Diti Almog's pair of recent New York shows, presented both up and downtown simultaneously, featured well over 30 small abstract paintings that are seemingly interchangeable. The typical image is a grid of bright orange and white planes, finely caged in black lines, made nearly electric by narrow, nearly invisible strands of ultra-pink buzzing down the center of each plane. The paintings are crafted in an ultra-thin, ultra-fine, ultra-light manner on aircraft plywood and they are all strenuously elegant in appearance. They may seem interchangeable, but each is composed, or directed, as a particular painted event.
Much of the success of the works, however, is due to Almog's equally severe and clever deployment of scale. Sometimes an orange panel is presented as a single large image against the gallery's white wall. In other instances, Almog surrounds a square cell or cells with vast empty areas of black or white that radically changes the scale of the imaginary space, causing a sort of telescopic effect in the viewer's eye. This stopping up and down of scale changes the content of the work as well -- sometimes concentrating it and making it more dense, and at other times diminishing its aggression. Although the paintings are restrictive, they never appear airless. Each seems lovingly done in patient, tiny brushstrokes. Almog clearly knows how to render a relevant and beautiful surface.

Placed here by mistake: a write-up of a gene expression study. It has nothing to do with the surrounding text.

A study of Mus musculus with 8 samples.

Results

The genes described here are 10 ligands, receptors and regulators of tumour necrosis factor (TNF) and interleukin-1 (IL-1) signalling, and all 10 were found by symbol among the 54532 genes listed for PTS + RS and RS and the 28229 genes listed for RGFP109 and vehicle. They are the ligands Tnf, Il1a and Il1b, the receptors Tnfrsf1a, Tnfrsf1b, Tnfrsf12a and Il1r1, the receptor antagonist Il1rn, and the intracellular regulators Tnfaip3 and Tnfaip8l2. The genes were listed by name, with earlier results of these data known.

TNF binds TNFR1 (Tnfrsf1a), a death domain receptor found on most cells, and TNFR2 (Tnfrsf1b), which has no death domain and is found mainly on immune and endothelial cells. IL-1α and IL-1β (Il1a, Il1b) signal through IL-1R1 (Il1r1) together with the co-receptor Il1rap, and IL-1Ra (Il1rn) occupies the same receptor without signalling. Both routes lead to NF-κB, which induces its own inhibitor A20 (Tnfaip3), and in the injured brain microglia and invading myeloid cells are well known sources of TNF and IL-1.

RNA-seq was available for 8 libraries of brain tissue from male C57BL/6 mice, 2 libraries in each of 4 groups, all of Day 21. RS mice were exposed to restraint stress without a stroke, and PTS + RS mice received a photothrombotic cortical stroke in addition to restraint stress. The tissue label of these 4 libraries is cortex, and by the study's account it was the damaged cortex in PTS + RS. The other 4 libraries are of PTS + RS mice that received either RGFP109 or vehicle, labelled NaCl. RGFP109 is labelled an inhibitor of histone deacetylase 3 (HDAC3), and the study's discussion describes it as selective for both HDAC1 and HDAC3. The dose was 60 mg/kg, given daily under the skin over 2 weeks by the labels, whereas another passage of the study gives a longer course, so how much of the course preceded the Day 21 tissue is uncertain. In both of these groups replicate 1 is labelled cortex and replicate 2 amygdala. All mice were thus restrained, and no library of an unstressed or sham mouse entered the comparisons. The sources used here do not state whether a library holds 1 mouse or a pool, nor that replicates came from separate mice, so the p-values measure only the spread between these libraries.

Almog's work participates in a model of abstract painting that has multiple references, from Barnett Newman's sublime to Peter Halley's theories of social containment. But Almog's canny manipulation of scale and space -- at one point the image seems to appear as if under a microscope, at the next it's right in front of your face -- finds new potential in this language. By making each painting peculiar in its own disciplined way, she demonstrates just how much can be found in between existing models.
Diti Almog, Oct. 4-Nov. 8, 1997, at Marianne Boesky Fine Art, 51 Greene St., New York, N.Y. 10012.
Diti Almog, "New Paintings," Oct. 7-31, 1997, at Mitchell-Innes & Nash, 1018 Madison Ave., New York, N.Y. 10021.
Michael Brennan is a New York painter who writes on art.